Careful: smoking weed at home could see your job go up in smoke

Three dismissed after cannabis traces found in their urine at work

02 June 2019 - 00:00 By NIVASHNI NAIR
A CCMA ruling released last month has been widely criticised for upholding the dismissal of three employees who had traces of cannabis in their urine.
A CCMA ruling released last month has been widely criticised for upholding the dismissal of three employees who had traces of cannabis in their urine.
Image: Jackie Clausen

If you enjoy lighting up the green stuff after work on Friday, be on high alert. Come Monday, your job could go up in smoke.

Last year's Constitutional Court ruling legalising the personal use of dagga has encouraged more employers to test for use in the workplace and employees are now being disciplined and even fired because their recreational use outside the workplace is showing up in urine tests at work.

Traces of cannabis can be detected in the body weeks after it has been smoked.

But University of KwaZulu-Natal (UKZN) occupational medicine registrar Dr Calvin Yagan said though employers may prohibit cannabis use at work, it would be difficult to police the legal use of a drug that may or may not have an effect in the workplace.

"An employee who has smoked marijuana in the morning before coming to work may be able to function optimally at work even though technically they may be under the influence," he said.

"An employee who legally used cannabis on a Friday evening is likely to show traces of the drug if tested at work on a Monday, even though no longer under the influence and unlikely to be impaired."

A Commission for Conciliation, Mediation and Arbitration (CCMA) ruling released last month has been widely criticised for upholding the dismissal of three employees who had traces of cannabis in their urine.

The men, who worked at NCT Durban Wood Chips, admitted to smoking weed on their day off but the CCMA based its findings on the employer's zero-tolerance drug policy and agreed that they had dangerous jobs, therefore they could not be intoxicated at work. One of the men was a weighbridge clerk who received trucks on site. Another sharpened metre-long knives and the third was a log deck assistant.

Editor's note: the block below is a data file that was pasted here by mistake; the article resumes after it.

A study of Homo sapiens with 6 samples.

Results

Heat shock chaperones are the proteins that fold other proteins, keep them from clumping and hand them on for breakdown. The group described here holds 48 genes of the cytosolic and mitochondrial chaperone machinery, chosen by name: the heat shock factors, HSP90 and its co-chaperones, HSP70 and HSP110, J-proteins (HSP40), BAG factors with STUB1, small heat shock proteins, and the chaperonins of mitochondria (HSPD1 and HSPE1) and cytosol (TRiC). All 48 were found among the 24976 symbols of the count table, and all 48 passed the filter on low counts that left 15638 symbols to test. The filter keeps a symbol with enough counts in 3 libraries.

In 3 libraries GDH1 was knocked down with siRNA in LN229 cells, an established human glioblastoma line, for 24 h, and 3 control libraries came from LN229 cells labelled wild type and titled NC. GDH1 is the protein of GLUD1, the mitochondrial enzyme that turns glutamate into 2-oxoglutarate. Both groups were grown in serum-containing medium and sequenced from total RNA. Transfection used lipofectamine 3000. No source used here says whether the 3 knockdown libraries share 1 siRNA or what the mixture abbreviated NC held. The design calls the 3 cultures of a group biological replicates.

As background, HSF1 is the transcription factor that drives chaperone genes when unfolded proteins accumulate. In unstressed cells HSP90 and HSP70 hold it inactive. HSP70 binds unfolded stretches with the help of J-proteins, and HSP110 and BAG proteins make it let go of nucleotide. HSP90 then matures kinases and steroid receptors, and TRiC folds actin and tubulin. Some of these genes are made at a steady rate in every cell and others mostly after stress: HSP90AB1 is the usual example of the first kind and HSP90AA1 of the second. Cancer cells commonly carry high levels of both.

"Unlike alcohol, the effects of cannabis on an employee's ability to perform his or her duties are [not] well known. I think the arbitrator may have come to the incorrect conclusion about whether the employees were actually under the influence of cannabis at work as there was no evidence of this in their behaviour, said labour law expert Jose Jorge.

"The award, however, does correctly confirm that even though the private use of cannabis has been decriminalised, employers can still discipline and dismiss employees who report for duty under the influence of cannabis where they may pose a risk to themselves and others."

He said any policy dealing with cannabis use should take into account that cannabis may be detected in the body long after it has any intoxicating effect on the employee.

Rhys Evans of AlcoSafe, which supplies test kits and helps compile anti-drug polices in the workplace, said there was an increase in confusion around policies.

"More employers are asking for assistance with this because there isn't really anything stipulated in the judgment on dagga use and the effect it would have on a person after they have used it in their private space."

Anivesh Singh, whose firm, Micromega Publications, provides occupational health and safety materials to companies, said his company had partnered with UKZN to convene a conference in Durban in August.